Eating Protein and Vegetables Before Carbohydrates May Reduce Blood Sugar

Is it Worth Trying?

Man eating steak and salad

We know that carbohydrates affect blood sugar. We also know that the type of carbohydrates we eat, and the amount of carbohydrates we eat at a certain time can also affect blood sugar. But, perhaps there is more to eating than just portions and food choices. Could the order in which we eat affect our blood sugars too?  A study published in the July issue of Diabetes Care suggest that the order in which you eat your meal can have an impact on your after-meal blood sugars.

Eleven subjects with Type 2 diabetes who were treated with metformin (an oral medication) were given a meal containing a fixed amount of calories, fat, protein and carbohydrates. Blood and insulin levels were measured premeal, 30 minutes, 60 minutes and 120 minutes after the meal. The first week participants were instructed to eat (ciabatta bread and orange juice), followed 15 min later by protein (skinless grilled chicken breast) and vegetables (lettuce and tomato salad with low-fat Italian vinaigrette and steamed broccoli with butter). The second week the food order was reversed - vegetables and protein were consumed first, followed by carbohydrates. They found that post-meal glucose levels were 28.6% lower at 30 minutes, 36.7% lower at 60 minutes, and 16.8% lower at 120 minutes when carbohydrates were eaten last. They also found that insulin levels were lower at 60 minutes and 120 minutes too.


How Can We Interpret These Results? 

There are many things we need to consider when reviewing the results of this study. Firstly, the type of carbohydrates chosen are simple, refined carbohydrates which can raise blood sugar at a quicker rate and therefore would likely result in a higher blood sugar shortly after a meal.

For example, if you have a low blood sugar less than 70mg/dL, you would treat with 15g of simple carbohydrate such as juice and test your blood sugar 15 minutes later. Ingesting juice and white bread and testing blood sugar 30 minutes later would result in a higher blood sugar. I would wonder if changing the composition of carbohydrates, for example by choosing complex carbohydrates, such as whole grains, would change the results of the study.

Secondly, carbohydrate digestion takes about 2 hours to complete. A true post meal blood sugar result is about two hours after a meal. The American Diabetes Association recommends that two hours from the start of a meal, people with diabetes should have a blood sugar of 180mg/dL or less. It would be interesting to see what the actual numbers where two hours after a meal and how different they actually were. If you notice, the reductions in post-meal blood sugars dropped at the two hour mark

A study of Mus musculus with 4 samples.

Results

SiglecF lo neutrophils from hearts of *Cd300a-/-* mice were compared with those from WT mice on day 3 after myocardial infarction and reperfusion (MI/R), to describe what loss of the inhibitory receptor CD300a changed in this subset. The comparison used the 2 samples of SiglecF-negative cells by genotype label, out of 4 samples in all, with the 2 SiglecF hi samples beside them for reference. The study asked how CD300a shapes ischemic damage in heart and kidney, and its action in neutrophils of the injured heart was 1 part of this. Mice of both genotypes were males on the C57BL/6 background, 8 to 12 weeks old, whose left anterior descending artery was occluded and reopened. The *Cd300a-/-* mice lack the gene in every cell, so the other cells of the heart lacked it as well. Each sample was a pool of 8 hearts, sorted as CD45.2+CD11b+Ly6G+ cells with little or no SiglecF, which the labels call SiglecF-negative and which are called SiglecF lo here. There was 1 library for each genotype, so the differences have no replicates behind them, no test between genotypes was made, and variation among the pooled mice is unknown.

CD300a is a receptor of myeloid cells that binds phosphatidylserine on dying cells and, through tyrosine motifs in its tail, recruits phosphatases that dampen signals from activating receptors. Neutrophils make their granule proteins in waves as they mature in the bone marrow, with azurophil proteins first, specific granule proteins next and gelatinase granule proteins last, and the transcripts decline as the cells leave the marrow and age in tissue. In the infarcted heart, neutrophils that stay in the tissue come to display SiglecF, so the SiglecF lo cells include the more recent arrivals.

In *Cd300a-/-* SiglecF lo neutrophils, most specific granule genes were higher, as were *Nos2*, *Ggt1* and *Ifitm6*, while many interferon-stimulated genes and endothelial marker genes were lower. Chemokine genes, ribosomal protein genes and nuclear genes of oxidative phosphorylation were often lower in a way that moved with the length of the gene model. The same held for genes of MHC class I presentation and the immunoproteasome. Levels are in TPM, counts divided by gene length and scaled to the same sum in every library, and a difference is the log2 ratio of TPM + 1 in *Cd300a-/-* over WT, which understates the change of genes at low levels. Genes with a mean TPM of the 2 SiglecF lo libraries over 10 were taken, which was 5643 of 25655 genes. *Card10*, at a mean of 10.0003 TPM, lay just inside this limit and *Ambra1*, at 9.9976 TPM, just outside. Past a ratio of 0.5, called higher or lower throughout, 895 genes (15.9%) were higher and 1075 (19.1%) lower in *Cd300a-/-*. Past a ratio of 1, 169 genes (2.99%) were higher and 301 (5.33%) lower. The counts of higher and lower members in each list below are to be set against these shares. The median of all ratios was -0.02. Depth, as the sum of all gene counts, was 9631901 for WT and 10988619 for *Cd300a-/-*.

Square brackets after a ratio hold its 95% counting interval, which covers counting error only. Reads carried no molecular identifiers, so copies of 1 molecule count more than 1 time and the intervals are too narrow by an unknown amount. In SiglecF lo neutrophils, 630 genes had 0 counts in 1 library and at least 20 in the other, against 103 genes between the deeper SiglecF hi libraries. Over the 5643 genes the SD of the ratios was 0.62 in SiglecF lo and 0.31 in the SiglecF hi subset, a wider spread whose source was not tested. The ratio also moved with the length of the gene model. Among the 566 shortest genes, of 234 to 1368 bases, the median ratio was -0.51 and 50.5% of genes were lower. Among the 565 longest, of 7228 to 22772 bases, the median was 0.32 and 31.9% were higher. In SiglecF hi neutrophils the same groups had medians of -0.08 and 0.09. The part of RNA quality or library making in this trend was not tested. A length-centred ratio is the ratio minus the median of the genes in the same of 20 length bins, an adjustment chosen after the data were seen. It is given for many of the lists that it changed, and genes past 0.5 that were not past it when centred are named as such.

Lastly, ingesting protein can help to delay the rise in blood sugars because it takes longer to metabolize.

Protein does not contain carbohydrates, however, when eaten in the absence of carbohydrates some protein does turn into carbohydrates. The participates were instructed to eat about 68 g of carbohydrate, which is a higher carbohydrate meal. Would eating a lower carbohydrate meal, rich in protein, make more of an impact than eating protein first? 

Limitations of the Study

Food order and its affect on blood sugar is an interesting and noteworthy topic to explore. This particular pilot study had several limitations. The sample size was small and blood glucose and insulin levels were only measured on two separate occasions. Blood glucose pattern management would need to be more consistent to show a true relationship. We cannot assume a pattern on two measures of blood sugar. Therefore, longer follow up would be important to determine full impact of food order. 

Bottom Line: 

Individuals with diabetes are affected by certain foods differently. It is clear that the amount of carbohydrate and type of carbohydrate you eat can affect your post meal blood sugars. The American Diabetes Association states that carbohydrate amount and available insulin may be the most important factors influencing blood sugar response after eating and should be considered when developing an eating plan. It also suggested to ingest carbohydrates from sources, such as, vegetables, fruits, whole grains, legumes and dairy products over other sources with added sugar, fat and sodium. 

In addition, based on the results of this study, it might be worth testing to see if the order you eat your meal can also make an impact on your blood sugars. Perhaps choosing protein and non starchy vegetables before carbohydrates can reduce your post meal blood sugars. Monitoring your pre and post meal blood sugars can help determine if this method works for you. While the study was flawed, this is a simple change that might be worth trying.


Shukla A, Iliescu R, Thomas C, Aronne L. "Food Order Has a Significant Impact on Postprandial Glucose and Insulin Levels." Diabetes Care. 2015; 38(7):e98-e99. Accessed on-line. September 17, 2015:

American Diabetes Association. Standards of Medical Care in Diabetes – 2015. Diabetes Care. 2015 Jan; 38 (Suppl 1): S1-90.